Monday, February 26, 2018 2:21 PM

Vertigo, that feeling that the room is spinning or that you’re off balance, can be frightening to say the least! But you can take comfort in knowing that vertigo is common and most cases are easily diagnosed and treated.


“It’s important to remember that vertigo is a symptom, not a diagnosis,” said Jonella Black, Vestibular Rehabilitation at NorthShore. “Many things can cause it so it’s important to get the accurate diagnosis for the type you have.”

Start by seeing a primary care physician who can refer you to the appropriate specialist, if necessary. And remember that dizziness is a feeling of light-headedness while vertigo is the feeling that the room is spinning or you’re spinning in it, Black said. Make sure you explain your symptoms in detail to your physician.

One of the more common causes of vertigo is benign paroxysmal positional vertigo, which occurs when the tiny calcium carbonate crystals of your inner ear degenerate and break into microscopic pieces. The inner ear is filled with fluid, so when these pieces float into the semi-circular canals of the inner ear, they signal your body that you’re moving super-fast, when in reality, you’re not.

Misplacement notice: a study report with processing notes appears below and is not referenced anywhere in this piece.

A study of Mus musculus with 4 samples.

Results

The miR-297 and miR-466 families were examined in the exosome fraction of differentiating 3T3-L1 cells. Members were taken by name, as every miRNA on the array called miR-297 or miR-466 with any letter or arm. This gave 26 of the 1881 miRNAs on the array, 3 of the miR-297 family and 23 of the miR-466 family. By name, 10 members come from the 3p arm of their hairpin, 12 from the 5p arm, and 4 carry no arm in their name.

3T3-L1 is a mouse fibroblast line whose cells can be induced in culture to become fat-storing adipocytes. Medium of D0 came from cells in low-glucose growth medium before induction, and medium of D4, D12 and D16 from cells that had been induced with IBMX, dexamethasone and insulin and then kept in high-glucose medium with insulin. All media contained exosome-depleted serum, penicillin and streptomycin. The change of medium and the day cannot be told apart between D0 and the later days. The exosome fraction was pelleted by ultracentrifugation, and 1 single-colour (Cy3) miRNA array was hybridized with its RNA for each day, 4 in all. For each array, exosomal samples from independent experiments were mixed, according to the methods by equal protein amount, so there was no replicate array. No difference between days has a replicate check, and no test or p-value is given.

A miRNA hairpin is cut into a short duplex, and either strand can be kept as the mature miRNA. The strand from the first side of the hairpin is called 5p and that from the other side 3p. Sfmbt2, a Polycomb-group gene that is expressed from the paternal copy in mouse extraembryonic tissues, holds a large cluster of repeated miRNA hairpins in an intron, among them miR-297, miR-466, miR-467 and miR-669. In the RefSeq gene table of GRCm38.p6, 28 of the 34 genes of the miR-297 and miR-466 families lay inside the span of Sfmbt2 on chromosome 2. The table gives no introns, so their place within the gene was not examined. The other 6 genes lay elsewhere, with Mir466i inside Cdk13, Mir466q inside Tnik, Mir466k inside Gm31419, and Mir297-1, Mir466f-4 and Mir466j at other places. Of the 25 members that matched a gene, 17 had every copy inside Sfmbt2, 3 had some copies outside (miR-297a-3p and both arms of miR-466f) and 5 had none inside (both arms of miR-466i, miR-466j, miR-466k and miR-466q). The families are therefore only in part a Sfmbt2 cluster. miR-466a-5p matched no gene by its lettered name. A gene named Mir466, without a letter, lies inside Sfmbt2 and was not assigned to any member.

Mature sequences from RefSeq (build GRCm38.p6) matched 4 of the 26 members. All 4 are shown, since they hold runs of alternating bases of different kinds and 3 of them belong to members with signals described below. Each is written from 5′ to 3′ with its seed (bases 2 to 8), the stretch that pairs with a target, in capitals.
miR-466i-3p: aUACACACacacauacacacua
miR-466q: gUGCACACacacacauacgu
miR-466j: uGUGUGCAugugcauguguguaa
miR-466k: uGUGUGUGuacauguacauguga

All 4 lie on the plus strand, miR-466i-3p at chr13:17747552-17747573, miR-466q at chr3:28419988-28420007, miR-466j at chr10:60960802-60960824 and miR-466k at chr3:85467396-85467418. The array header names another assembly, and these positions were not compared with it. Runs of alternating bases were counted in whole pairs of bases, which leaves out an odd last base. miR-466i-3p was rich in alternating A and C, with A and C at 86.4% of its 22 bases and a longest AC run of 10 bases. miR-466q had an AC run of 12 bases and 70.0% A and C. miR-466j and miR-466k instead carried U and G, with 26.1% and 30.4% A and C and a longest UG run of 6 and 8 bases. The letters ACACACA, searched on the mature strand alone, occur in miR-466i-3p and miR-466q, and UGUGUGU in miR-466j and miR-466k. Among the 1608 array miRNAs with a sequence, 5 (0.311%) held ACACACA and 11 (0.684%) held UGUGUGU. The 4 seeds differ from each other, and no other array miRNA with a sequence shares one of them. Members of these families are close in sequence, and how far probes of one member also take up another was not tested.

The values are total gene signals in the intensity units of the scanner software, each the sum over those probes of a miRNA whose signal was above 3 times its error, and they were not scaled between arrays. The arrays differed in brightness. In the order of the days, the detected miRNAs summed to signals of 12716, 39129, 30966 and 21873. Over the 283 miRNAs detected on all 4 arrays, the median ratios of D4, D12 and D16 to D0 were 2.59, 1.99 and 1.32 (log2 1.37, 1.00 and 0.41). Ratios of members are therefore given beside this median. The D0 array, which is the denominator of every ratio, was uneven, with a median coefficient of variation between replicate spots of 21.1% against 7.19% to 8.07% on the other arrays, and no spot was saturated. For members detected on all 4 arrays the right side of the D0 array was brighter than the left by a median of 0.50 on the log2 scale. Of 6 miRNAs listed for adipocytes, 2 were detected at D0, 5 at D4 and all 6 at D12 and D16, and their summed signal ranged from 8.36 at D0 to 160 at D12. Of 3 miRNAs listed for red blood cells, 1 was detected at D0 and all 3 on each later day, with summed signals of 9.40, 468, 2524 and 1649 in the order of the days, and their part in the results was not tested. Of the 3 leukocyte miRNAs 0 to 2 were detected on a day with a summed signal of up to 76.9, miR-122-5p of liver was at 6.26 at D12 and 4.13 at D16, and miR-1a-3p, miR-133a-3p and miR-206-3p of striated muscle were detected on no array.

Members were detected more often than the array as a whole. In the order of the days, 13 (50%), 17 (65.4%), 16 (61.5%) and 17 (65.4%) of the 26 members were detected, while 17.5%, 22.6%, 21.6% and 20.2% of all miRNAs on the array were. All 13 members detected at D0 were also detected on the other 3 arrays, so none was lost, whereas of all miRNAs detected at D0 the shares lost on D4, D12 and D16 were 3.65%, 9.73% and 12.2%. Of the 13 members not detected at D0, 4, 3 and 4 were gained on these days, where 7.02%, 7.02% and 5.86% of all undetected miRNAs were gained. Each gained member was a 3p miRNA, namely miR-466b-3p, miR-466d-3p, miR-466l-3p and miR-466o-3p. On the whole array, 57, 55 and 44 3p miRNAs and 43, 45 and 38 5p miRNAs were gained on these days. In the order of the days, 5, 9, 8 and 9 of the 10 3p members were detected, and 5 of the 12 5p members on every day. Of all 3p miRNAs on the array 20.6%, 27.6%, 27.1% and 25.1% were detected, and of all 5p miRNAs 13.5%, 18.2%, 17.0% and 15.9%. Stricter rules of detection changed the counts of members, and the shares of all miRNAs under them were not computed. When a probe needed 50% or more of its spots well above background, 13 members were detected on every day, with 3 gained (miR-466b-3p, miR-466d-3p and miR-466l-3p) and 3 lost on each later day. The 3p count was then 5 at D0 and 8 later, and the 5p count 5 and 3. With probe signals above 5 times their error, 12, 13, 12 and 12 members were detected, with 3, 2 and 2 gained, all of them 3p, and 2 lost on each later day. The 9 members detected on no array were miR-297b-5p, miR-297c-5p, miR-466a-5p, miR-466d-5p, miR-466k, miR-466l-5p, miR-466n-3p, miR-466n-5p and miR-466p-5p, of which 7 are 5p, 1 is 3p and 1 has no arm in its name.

This type of vertigo occurs often in older adults because the protein covering that coats the crystals and holds them in place, weakens with age.

Black said treatment with her team of physical therapists involves repositioning the crystals, and it can be effective fairly quickly. First, the physical therapist needs to find out which ear canal is involved. Since the crystals are microscopic, the physical therapist looks into your eyes, using them as a window to the inner ear.

“We watch the eyes for a certain abnormal movement when the crystals are moving,” Black explained. “This tells us which ear is involved.”

There are several repositioning maneuvers that involve turning your head and body while you’re lying on your back, side and stomach. The process can generally take 15 to 20 minutes. Gravity allows the crystals that have shifted to float back into place where they are absorbed.